Fierce protection and the things people say

A friend recently said to me:
“I wish I could just be my daughter’s mom rather than always being seen as the adoptive mom” – she is part of a transracial family.

She is her daughter’s mom. My heart aches at the fact that people struggle with this based on the appearance or how it started. Regardless of the reasons she chose to adopt.
Then I look at my friends who are in transracial families by virtue of marriage where my paler or blonde friends have coffee skinned dark haired babies. Or my coffee skinned friends have blonde babies –simply because of the way their genes mixed to produce their beautiful kids and I wonder if they get asked the same questions at times in terms of being conspicuous.

My heart aches at the fact that we need to think through how we are going to protect our children from ignorant, uninformed or unhelpful statements. My heart is already fiercely protective of my not yet known child, whose life challenges and growing up is going to be in a family that can’t wait to have him home and yet also has to recognise that by virtue of the fact that he is adopted, he is going to have extra work to do as a part of his life story.

My fierce protection extends to wanting to say the following:

Please don’t tell me that as soon as we adopt, then we will fall pregnant: We can fall pregnant. Yes, we have publicly shared about miscarriage but that doesn’t mean we have given up hope or can’t have biological babies. The medical reality is that we can fall pregnant and there is no known reason why we can’t have biological children if we choose to – but we choosing to go the adoption route first. This has always been part of our choice for our family. When you tell me that as soon as I adopt I will fall pregnant, the unspoken message I hear isn’t encouraging – in fact it makes things awkward. Awkward because I already want to protect my child. I hear and worry that my adopted child will hear: Being adopted is a second prize plan and my bio baby is the first & that’s not something any of us would want to be – a second prize.

Our choosing adoption is part of the first prize for our family. It always has been.

Please don’t make assumptions about our fertility as potential adoptive parents – some of my friends already have bio babies and have chosen to adopt. Some of my friends can’t have bio babies and have chosen to adopt. Some of my circles chose to adopt before even considering bio babies – not because they are somewhat noble or holier or something more than other mothers – simply as this is the story that they have chosen for their families. When we make assumptions about this – people are left needing to defend & protect themselves and their children – when people choose to fall pregnant and grow their families that way, we celebrate the new life. As a prospective adoptive parent, my choices are wrapped in layers of recognising that I potentially will be a mom but that there are challenges and losses amidst the celebration of family and life – perhaps ask if there is freedom to do so rather than assume why I am doing so & if there isn’t enough depth of relationship or I haven’t volunteered why I am doing this, then maybe we aren’t in a space to want to engage around this.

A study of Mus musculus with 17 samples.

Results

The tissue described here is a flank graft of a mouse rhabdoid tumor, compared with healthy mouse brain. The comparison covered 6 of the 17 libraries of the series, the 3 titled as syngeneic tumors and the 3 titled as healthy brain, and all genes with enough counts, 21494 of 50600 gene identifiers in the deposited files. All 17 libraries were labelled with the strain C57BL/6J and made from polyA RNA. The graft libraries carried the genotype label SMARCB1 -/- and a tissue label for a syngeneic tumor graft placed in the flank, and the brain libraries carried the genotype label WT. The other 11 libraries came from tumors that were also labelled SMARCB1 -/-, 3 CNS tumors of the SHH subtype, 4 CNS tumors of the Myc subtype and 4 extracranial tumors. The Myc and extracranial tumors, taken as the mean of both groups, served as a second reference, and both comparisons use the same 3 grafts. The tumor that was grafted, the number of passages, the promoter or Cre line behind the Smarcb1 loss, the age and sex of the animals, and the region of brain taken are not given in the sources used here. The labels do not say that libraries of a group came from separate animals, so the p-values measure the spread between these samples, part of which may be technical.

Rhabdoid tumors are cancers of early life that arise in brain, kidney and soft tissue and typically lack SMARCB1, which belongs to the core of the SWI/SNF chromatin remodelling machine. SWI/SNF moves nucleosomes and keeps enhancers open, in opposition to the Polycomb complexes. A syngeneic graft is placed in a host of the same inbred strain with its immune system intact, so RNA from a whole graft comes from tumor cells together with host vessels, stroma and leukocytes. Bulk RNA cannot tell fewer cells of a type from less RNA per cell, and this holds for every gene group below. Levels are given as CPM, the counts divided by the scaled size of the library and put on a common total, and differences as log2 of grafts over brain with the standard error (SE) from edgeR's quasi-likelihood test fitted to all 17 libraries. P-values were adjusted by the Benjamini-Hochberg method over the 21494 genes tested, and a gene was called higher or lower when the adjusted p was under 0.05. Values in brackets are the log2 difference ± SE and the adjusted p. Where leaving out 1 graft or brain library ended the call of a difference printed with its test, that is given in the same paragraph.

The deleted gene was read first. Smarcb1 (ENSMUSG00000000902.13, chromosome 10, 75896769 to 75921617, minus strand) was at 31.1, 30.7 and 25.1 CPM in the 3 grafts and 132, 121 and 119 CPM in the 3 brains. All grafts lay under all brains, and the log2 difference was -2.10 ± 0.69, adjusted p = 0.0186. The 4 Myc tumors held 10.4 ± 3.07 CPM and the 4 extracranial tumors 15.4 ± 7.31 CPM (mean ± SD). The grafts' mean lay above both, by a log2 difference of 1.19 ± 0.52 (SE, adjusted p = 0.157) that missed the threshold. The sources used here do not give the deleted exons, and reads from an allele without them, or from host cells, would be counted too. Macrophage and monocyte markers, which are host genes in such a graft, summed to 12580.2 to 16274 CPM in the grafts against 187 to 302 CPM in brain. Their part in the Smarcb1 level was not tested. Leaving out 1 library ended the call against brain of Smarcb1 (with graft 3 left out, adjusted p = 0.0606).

Good moms and dads want to protect their children against things that aren’t helpful to their growth and give them skills to manage the challenges that are a part of life. I never want my child to think that they are my 2nd prize – regardless of whether their younger siblings arrive from my tummy or through an adoption process. We all know life shoves enough at us along the way without adding that into the mix. Please help my child never feel obligated to me – we will belong to each other – not owe each other infinite gratitude for having each other. My gratitude is to God who models adoption for me. My gratitude is for a husband who was pro-adoption before I met him and in figuring out what we wanted life to be about as a family had adoption in the picture too. My child isn’t going to be lucky to have us. We are going to be blessed to have each other.

We are excited, and planning, and dreaming, and nervous as we continue with the screening and prep process. We are aware and processing some of the challenges of parenting – we have to do this differently simply because we get asked and assessed and guided and need to think things through that some pregnant parents do but many don’t.

I am grateful for a gracious husband. He gets this right in a way I struggle with. Often.

I am having to learn to say things differently, to listen more and work out whether humour, information giving to simply choosing not to respond is the best way forward in protecting my family and future family – rather than just seeking battle always.
I am grateful for the friends who pave the way before us and for those doing this with us and for the beautifully mixed world we get to live in.